Senator Charles J. Fuschillo, Jr. recently announced that more than 15,000 students throughout his district have signed on to his annual Summertime Reading Program. Fuschillo's reading program encourages students to read at least three books during the summer months other than those required for school.
According to the senator, children who sign up for his Summertime Reading program will receive a "Summertime Reading Passport" to keep track of the books they read and encourage them to use the program as their "passport" to a world of learning and imagination. When completed, children can send their Reading Passport to Fuschillo and they will be awarded a special NYS Senate certificate.
"As parents of young children, my wife and I encourage our children to not only be physically active during the summer months through outdoor activities, but to also take the time to expand their knowledge and imaginations through reading," Fuschillo said. "Reading is a great habit for children to start and I want to help encourage them in ways that they will discover its rewards."
Fuschillo has presented his program to all elementary schools within the 8th Senate District. To receive a Summertime Reading Passport packet, call Fuschillo at 546-4100 or email him at Fuschill@senate.state.ny.us.
Senator Fuschillo, member of the Senate Health Committee, recently announced that he has introduced legislation to strengthen New York State's Clean Indoor Air Act by making food service establishments, regardless of size, smoke free.
Endorsed by the American Cancer Society, American Heart Association, Medical Society of the State of NY, Center for a Tobacco Free New York and other health related organizations, Fuschillo's legislation would require restaurants without bars, regardless of size, to be smoke free unless a separate enclosed room is available for smokers. The smoking room would be required to have a separate ventilation system that would carry the air outside of the building. Smoking would be allowed in the bar area of a restaurant as long as it is separated from the dining area by at least a six-foot space or by a floor to ceiling partition.
New York State's Clean Indoor Air Act currently exempts restaurants with seating for under 51 patrons. Otherwise, restaurants must establish a contiguous nonsmoking area sufficient to meet customer demand, but the restaurant is not required to exceed 70 percent of its seating capacity as a nonsmoking area.
According to the Center for a Tobacco Free New York, smoke from the burning end of a cigarette has more toxins than smoke inhaled by the smoker. Some chemicals in secondhand smoke include formaldehyde, cyanide, arsenic, ammonia and carbon monoxide.
In a memorandum of support, the Medical Society of the State of New York said Fuschillo's legislation "would more adequately protect individuals from the health risks associated with secondhand smoke. Secondhand smoke poses a significant health risk to those individuals in a confined indoor area. The Environmental Protection Agency has classified secondhand smoke as a Class A carcinogen. It is estimated that 53,000 nonsmokers are killed each year due to related illnesses from secondhand smoke. Recent studies have concluded that ventilation alone does not remove carcinogens from the air. In addition, there is documentation that secondhand smoke also exacerbates allergies and asthma in children and adults."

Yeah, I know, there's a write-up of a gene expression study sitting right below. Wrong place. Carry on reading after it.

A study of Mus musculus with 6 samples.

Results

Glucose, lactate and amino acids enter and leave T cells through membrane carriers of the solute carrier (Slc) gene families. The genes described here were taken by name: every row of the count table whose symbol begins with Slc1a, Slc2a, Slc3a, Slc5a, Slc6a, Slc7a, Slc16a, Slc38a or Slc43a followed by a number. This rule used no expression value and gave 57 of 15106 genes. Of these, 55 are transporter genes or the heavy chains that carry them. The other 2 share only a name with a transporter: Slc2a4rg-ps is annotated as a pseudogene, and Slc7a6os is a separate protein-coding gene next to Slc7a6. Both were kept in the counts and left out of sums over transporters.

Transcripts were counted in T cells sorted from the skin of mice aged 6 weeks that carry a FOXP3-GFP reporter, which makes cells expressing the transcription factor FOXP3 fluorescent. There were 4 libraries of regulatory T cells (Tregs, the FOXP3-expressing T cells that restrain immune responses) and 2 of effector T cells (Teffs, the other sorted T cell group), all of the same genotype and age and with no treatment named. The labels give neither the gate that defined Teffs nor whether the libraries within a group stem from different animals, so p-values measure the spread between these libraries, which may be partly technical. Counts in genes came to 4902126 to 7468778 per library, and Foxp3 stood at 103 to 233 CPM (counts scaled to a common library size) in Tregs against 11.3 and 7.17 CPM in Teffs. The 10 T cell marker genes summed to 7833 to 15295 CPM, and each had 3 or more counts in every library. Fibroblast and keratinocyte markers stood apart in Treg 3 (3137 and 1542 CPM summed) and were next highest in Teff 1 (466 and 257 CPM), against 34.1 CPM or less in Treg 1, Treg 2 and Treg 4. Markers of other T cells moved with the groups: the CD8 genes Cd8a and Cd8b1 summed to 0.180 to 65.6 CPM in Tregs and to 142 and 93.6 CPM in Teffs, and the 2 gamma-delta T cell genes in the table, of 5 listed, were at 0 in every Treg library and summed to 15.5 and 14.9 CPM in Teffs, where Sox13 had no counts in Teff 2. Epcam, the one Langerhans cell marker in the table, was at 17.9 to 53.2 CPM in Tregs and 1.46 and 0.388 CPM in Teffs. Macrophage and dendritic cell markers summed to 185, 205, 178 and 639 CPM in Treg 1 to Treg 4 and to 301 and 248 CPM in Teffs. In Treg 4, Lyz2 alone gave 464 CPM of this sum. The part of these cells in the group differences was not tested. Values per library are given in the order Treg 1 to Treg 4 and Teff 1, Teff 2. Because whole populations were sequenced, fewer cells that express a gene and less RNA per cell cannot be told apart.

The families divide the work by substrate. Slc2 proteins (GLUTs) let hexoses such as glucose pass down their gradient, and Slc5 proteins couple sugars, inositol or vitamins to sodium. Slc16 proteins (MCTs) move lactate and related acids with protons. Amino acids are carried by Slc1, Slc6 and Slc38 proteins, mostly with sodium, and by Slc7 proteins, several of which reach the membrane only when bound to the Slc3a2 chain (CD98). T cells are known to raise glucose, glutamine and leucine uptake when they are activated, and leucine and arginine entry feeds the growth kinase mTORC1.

"Studies show that smoke-filled rooms can have up to six times the pollution of a crowded highway," Fuschillo said. "If nonsmokers and children should wish to dine at a restaurant, they should not be subjected to secondhand smoke toxins in the air."
"Restaurants are more than places we go to socialize with family and friends, they are also workplaces," said Don Distasio, CEO of the American Cancer Society. "Why should choosing to work in a restaurant mean you are putting your health at risk."
In a memorandum of support, the American Heart Association stated that Fuschillo's legislation strengthens New York State's Clean Indoor Air law and further protects the public from dangers of secondhand smoke. In 1992, the American Heart Association's Council on Cardiopulmonary and Critical Care concluded that secondhand smoke is a major preventable cause of cardiovascular disease and death. At least 40 known carcinogens and 4,000 chemicals exist in secondhand smoke and the American Heart Association believes that legislators should act immediately to adopt legislation to increase smoke-free environments.
"The evidence is overwhelming that secondhand smoke is an intrusion upon other people's health and well being," Fuschillo said. "By raising the standards of New York State's Clean Indoor Air Act, we will help protect children and nonsmokers from unnecessary secondhand smoke exposure in restaurants."